What is Prioritization?
We’ve introduced new, powerful hardware to improve our network performance for customers. We are the smallest internet service provider in the country with this capability! On a network, without prioritization, apps like Windows Update, Netflix, web browsing, game updates, Skype, gaming all fight each other for resources on a first come first serve basis. Prioritization solves this problem by giving priority to the app that needs it most for that window in time. Call us for some examples or more information about this.
What About Privacy!
Our prioritization technology gives us a very broad look at traffic to help us understand our customer’s usage patterns and how to improve service. The actual traffic itself is anonymous and protected. Much like a shipping company, we move internet data like cardboard boxes. We study weight, type, size, and when the package needs to get there. We cannot see what is inside the box. More than anything our ability to make the network more efficient is an exercise in logistics. Our interest is to make the best of the resources we have. If you are concerned about this please get us on the phone for further explanation.
How does Prioritization work?
Internet use, whatever shape it takes, flows in the form of “packets.” For example a Netflix video stream is really lots of little bits of video packets that follow each other like vehicles on a highway. When you request a movie or show to watch, these packets get sent from Netflix through our network to your TV. The packets have to get there fast enough so that you can watch without “buffering.” We suspect many of you have experienced “buffering.” It’s no fun waiting for packets. Ideally the packets always get there to keep the video playing smoothly. This is what the prioritization technology is built to do.
Shared vs. Dedicated Internet
There are two ways in which internet is broadly sold in the world. One, dedicated bandwidth. Typically a choice for big business, a dedicated internet line supplies an empty pipe capable of so-many megabits at all times. It is not in use by any other entity and is very predictable. This might sound great, but the cost for such connections is massive, usually starting at $500/m and going up steeply from there. The reason for this is that it is inefficient. Whenever the user needs bandwidth it is 100% available, but the rest of the time it costs the user just as much, even though they aren’t using it. It’s like having a chef on staff making 5 course meals all day long. One can only eat so much. For large businesses the cost isn’t a big deal, so it’s an option. For most of us it’s not efficient enough, and not cost effective.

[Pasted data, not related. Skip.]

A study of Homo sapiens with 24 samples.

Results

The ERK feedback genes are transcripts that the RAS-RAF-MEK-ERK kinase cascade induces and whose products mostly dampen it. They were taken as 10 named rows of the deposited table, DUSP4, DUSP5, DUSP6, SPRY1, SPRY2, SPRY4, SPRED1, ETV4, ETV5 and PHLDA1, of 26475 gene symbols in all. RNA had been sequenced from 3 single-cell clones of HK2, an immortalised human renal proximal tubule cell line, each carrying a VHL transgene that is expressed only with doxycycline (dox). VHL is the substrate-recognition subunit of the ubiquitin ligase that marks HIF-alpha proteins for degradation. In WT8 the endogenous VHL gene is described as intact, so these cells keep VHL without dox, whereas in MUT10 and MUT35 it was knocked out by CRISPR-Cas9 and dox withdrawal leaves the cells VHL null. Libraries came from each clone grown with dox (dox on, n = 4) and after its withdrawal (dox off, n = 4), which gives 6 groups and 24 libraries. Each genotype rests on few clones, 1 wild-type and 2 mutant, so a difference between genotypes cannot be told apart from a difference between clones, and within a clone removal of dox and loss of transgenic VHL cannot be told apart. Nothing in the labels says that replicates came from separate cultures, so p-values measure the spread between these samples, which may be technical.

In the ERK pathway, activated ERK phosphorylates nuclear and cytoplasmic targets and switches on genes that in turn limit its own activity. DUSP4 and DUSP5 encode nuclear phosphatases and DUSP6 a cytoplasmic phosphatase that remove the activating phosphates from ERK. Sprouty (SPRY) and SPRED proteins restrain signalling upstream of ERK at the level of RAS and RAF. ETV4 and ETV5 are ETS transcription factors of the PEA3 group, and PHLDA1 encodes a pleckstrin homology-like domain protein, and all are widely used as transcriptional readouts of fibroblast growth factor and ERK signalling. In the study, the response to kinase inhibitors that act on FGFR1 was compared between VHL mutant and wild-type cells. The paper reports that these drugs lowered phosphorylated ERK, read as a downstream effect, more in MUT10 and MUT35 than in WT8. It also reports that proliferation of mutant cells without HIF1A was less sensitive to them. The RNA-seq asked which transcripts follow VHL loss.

Most of the world uses the the second type is called shared bandwidth. There’s a large pool of internet which everyone on a network shares. The benefits of this type of service is the low cost as it is a very efficient use of resources. The disadvantage is that sometimes everyone wants to use the internet at the same time and there’s less available. Philosophically, the shared method is superior for many reasons, but it is much more complex and requires sophisticated tools to succeed where it counts.
By definition, if a pool of internet is shared it is oversubscribed. This is why every ISP advertises “Up to x” speeds. They cannot guarantee a speed. When a plan advertises “Up to 8Mbits,” this is simply the speed of the plan when it is available. During peak hours the vast majority of the time this will not be the case. So you may be thinking, “what am I buying, then, if not the plan speed?” You may be feeling a bit jaded by this, but the reality is that advertised megabits aren’t a good way to purchase internet. They tell you little about how oversubscribed the network is, and how congested it gets during peak hours. This is incredibly important to determine actual service quality.
So then how should I buy my internet?
How about based on what you do with it! This is a more concrete way to visualize what you’re getting. That’s why prioritization is so important. There are a few other terms for this: Traffic Shaping and Quality of Experience. The latter infers that there is a specific experience everyone is looking for at any given time using the internet. Whether it’s searching on Craigslist, watching a movie, playing games, downloading stuff or other activity, it becomes apparent when the service isn’t working properly. The hardware and software we’ve placed on our network allows us to give priority to the service that needs it most.
What’s the alternative? Chaos. If no effort is made to do this, all the traffic on the network essentially fights to get through first, whether it needs it or not. Internet services/apps do not coordinate with each other. Managing this is the key to good service.